Ocular symptoms improvement from intranasal triamcinolone compared with placebo and intranasal fluticasone propionate: A meta-analysis


Main idea: The meta-analysis demonstrated the positive clinical improvements which triamcinolone acetonide has on total ocular allergy symptoms, especially on tearing, in addition to its recognized nasal symptom efficacy in seasonal allergic rhinitis.


Allergic rhinitis is a prevalent disease, which can be classed as seasonal (SAR) or perennial. In addition to nasal symptoms, up to 75% of sufferers experience itching, redness, and tearing of the eyes. Intranasal corticosteroids are effective in controlling allergic nasal symptoms. Iincreasing evidence suggest that they also can relieve some of the allergic ocular symptoms.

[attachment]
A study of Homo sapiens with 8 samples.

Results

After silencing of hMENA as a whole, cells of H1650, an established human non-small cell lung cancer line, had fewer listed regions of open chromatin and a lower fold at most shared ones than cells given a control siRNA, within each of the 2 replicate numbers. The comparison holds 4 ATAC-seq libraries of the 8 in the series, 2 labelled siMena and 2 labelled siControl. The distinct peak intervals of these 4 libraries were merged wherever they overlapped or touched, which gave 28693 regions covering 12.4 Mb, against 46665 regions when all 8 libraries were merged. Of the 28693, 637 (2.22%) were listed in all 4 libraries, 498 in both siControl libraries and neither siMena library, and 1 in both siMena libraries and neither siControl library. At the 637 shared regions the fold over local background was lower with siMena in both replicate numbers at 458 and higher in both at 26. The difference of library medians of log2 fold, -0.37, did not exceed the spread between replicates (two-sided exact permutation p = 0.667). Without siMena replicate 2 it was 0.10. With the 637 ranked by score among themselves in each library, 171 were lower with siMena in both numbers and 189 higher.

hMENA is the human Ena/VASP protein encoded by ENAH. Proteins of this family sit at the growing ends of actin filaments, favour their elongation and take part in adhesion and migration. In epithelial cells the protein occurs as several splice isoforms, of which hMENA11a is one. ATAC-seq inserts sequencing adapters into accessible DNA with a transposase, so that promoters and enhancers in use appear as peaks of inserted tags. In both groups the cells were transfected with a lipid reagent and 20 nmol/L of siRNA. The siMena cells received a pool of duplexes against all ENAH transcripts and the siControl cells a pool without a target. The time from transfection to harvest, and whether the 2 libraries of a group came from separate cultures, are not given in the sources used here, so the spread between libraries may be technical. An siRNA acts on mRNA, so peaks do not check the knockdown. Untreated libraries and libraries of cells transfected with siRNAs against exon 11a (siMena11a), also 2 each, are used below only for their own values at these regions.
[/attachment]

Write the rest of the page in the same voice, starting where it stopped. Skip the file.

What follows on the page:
The objective of the study was to evaluate the magnitude of the efficacy of triamcinolone acetonide (TAA) compared with placebo or fluticasone propionate (FP) on ocular symptom improvement in patients with seasonal allergic rhinitis. A meta-analysis of summary data from 8 randomized, double- or single-blind trials, assessing average change in total or individual (tearing, redness, and itching) eye symptoms was conducted.

Results: Total eye symptom reduction after 2 weeks was greater with triamcinolone acetonide than with placebo. An average treatment difference was -0.32. In addition, significant reductions in tearing, but no itching or redness, were observed after triamcinolone acetonide treatment compared with placebo. No significant treatment difference was seen between triamcinolone acetonide and fluticasone propionate in total ocular symptoms at any of the time points measured (weeks 1, 2, 3, and overall). All treatments exhibited similar safety profiles and were deemed well tolerated.